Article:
Chapter 6 of the Su Wen introduces the concept of channels “opening onto the exterior” (or being the “opening”), closing onto the interior (or “being the door leaf”) and being the pivot (or hinge).
In this chapter the order for the Yang channels is as follows:
Tai Yang opens
Yang Ming closes
Shao Yang is the pivot
The order for the Yin channels is:
Tai Yin opens
Jue Yin closes
Shao Yin is the pivot
With regard to the Yin channels, I personally see the Jue Yin as the pivot (I call it “hinge”) and the Shao Yin as opening onto the interior (or “closing”). There are various reasons for this.
Firstly, if we read chapter 6 of the Su Wen in full and we look at the context of the exterior/interior/hinge quote, we will see that things are not quite as they seem. It sounds like this chapter is talking more about Zangfu organs than channels and more about the trunk and abdomen than arm or leg channels.
Secondly, the very same chapter also says: “The vessel behind Tai Yin is Shao Yin. The vessel in front of Shao Yin is Jue Yin.” Therefore, Tai Yin is in front of Shao Yin and Jue Yin is in front of Shao Yin: this means that Jue Yin is in the middle between Tai Yin (the ‘front”) and Shao Yin (the “back”). That sounds very much like the Jue Yin is in between the Tai Yin and the Shao Yin, i.e. it is the “hinge”. Moreover, when it talks about the Yang, chapter 6 says: “The vessel outside the Jue Yin is the Shao Yang.” As the Shao Yang is the hinge of the Yang, it being “outside the Jue Yin” would imply that the Jue Yin must be a hinge too.Of course the Shao Yang (Triple Burner and Gall-Bladder) have a Yin-Yang connection with the Jue Yin (Pericardium and Liver) and that is why this chapter says that the Shao Yang is “outside” the Jue Yin.
Thirdly, the book “Great Treatise of Chinese Acupuncture” (Zhong Guo Zhen Jiu Da Quan) by Wang Xue Tai uses similar terminology when it refers to “front”, “middle” and “back” of channels, which I would translate as “lateral”, “middle” and “medial”. This book confirms that the Jue Yin is in the “middle”.
This is reflected all over the body in the situation of the channels (with the exception of the lower leg). For example, if we look at the chest, we have the Spleen channel (Tai Yin) outside (lateral), the Kidney channel (Shao Yin) inside (medial) and the Liver channel (Jue Yin) in between. The same in the abdomen. This is even clearer in the arm where we have the Lung channel (Tai Yin) on the lateral side, the Pericardium channel (Jue Yin) in the middle and the Heart channel (Shao Yin) on the medial side. Only the lower leg represents an exception as the Liver channel (Jue Yin) is on the lateral side initially but it crosses over in the middle of the lower leg.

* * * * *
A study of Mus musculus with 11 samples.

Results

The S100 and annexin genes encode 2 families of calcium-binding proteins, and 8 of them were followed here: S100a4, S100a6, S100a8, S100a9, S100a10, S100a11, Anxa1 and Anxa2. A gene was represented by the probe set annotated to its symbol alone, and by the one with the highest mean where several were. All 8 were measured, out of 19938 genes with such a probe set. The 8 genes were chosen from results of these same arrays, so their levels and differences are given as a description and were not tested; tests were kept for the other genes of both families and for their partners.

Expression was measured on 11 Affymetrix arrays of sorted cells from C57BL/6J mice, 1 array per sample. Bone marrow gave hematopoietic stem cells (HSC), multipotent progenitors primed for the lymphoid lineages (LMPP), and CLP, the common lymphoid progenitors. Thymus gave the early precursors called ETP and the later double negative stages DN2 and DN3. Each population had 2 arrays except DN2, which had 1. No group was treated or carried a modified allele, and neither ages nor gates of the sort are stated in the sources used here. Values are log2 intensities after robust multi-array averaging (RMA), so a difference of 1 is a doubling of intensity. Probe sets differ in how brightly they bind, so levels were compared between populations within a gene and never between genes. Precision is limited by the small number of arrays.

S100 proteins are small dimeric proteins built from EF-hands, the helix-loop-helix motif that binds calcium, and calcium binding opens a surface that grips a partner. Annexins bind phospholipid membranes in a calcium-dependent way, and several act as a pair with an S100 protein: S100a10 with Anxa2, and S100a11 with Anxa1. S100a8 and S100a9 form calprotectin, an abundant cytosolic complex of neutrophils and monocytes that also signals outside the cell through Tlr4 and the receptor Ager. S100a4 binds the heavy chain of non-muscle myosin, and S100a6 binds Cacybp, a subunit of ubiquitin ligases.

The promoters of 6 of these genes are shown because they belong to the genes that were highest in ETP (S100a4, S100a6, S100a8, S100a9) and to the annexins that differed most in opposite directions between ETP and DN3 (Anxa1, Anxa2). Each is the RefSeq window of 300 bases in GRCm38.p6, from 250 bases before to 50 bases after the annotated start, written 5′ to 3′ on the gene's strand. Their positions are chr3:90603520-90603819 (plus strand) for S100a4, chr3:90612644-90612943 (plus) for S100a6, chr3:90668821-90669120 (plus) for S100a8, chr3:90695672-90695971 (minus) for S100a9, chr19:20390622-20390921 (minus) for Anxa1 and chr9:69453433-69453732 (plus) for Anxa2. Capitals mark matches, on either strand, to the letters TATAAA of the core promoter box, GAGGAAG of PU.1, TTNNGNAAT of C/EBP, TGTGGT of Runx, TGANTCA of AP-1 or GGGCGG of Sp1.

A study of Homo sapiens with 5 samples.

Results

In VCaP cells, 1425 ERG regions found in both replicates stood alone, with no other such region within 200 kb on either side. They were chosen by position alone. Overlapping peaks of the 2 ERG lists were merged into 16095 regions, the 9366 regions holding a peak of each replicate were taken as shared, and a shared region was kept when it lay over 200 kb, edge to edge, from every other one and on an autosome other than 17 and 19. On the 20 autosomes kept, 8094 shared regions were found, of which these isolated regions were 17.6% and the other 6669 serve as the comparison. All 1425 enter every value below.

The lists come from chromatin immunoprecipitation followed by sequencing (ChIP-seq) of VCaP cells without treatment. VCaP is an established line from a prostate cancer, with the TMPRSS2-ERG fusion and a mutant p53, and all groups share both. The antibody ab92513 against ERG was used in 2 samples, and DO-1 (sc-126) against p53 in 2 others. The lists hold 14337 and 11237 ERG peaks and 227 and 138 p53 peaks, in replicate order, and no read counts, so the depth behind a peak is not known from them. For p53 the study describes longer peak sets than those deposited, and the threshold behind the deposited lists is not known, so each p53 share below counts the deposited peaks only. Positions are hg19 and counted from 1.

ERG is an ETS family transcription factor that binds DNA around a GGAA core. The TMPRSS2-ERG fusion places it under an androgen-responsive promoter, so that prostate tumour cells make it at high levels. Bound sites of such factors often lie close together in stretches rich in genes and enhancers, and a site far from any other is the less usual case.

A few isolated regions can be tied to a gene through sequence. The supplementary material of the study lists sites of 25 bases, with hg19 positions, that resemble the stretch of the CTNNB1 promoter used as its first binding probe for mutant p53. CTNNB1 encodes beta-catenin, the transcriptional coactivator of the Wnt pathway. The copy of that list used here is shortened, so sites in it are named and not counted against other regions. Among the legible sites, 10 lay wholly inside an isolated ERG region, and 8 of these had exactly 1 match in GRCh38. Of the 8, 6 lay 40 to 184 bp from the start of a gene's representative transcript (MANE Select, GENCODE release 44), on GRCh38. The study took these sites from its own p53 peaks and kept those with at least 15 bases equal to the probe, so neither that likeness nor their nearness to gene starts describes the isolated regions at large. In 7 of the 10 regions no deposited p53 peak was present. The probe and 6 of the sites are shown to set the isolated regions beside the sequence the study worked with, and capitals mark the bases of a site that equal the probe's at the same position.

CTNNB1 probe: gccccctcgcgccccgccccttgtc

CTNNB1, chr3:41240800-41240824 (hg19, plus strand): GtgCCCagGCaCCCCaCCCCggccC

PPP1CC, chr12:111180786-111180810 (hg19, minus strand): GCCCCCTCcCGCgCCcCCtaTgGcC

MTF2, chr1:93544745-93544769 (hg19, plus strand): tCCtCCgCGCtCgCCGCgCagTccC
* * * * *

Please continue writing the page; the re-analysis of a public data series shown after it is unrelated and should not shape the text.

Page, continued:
The order of arrangement of the 6 Stages in the Shang Han Lun also points to the Jue Yin being the hinge. In fact, this is the order:
Thus, if Shao Yang is the hinge of the Yang channels, then the Jue Yin must also be of the Yin channels because it occupies a corresponding place in the Yin as that of the Yang.
If we look at the 12 channels during the day (LU-LI-ST-SP, etc.) we get:
Tai Yin Yang Ming Shao Yin Tai Yang Jue Yin Shao Yang
If we bear in mind the Yin-Yang connections among channels, the Triple Burner (Shao Yang) is connected to the Pericardium (Jue Yin) and the Gall-Bladder (Shao Yang) to the Liver (Jue Yin). Therefore, if the Shao Yang is the hinge of the Yang (as it clearly is), then the Jue Yin must be the hinge of the Yin. The diagrams below illustrate this concept.
The two diagrams below show the position of the channels in arms and legs as indicated above. The diagram below shows clearly how, if we related the concept of opening/closing/hinge to channel topography, the Jue Yin must be the hinge. Notice how the Heart and Kidney channels are both medial, both “inside”, both the “most interior” (and therefore not pivot or hinge) of the Yin channels.
What is the clinical significance of all this? In my opinion, the clinical significance is more relevant for the Yang than for the Yin channels. If we look at the Yang channels, it is very obvious why the Tai Yang “opens onto the Exterior”. Its channels are lateral, on the outside and cover the very Yang area of back of the neck and back. Not by chance, the first stage of the Shan Han Lun is the Tai Yang stage and not by chance this stage is marked by occipital stiffness (Tai Yang area).
That the Shao Yang is the hinge between Tai Yang and Yang Ming is also clear from the Shang Han Lun. The Shao Yang Syndrome is characterized by the alternation of feeling cold and feeling hot. This is due to the fact that the pathogenic factor is trapped between the Tai Yang (exterior) and the Yang Ming (interior): when it floats toward the Tai Yang, the patient feels cold; when it goes to the Yang Ming, the patient feels hot.
In my view, however, the most important clinical significance of the concept of “hinge” is in the field of mental-emotional problems. This is a view according to my experience and not according to Chinese texts.
I see the role of “hinge” of the Shao Yang and Jue Yin as a metaphor of their involvement in relationships, in our relating to others. All four of the Shao Yang and Jue Yin channels play a role in relating but especially so the Jue Yin, i.e. Pericardium and Liver. The Liver even more so because it houses the Hun which provides the Shen with the “movement” necessary to relate.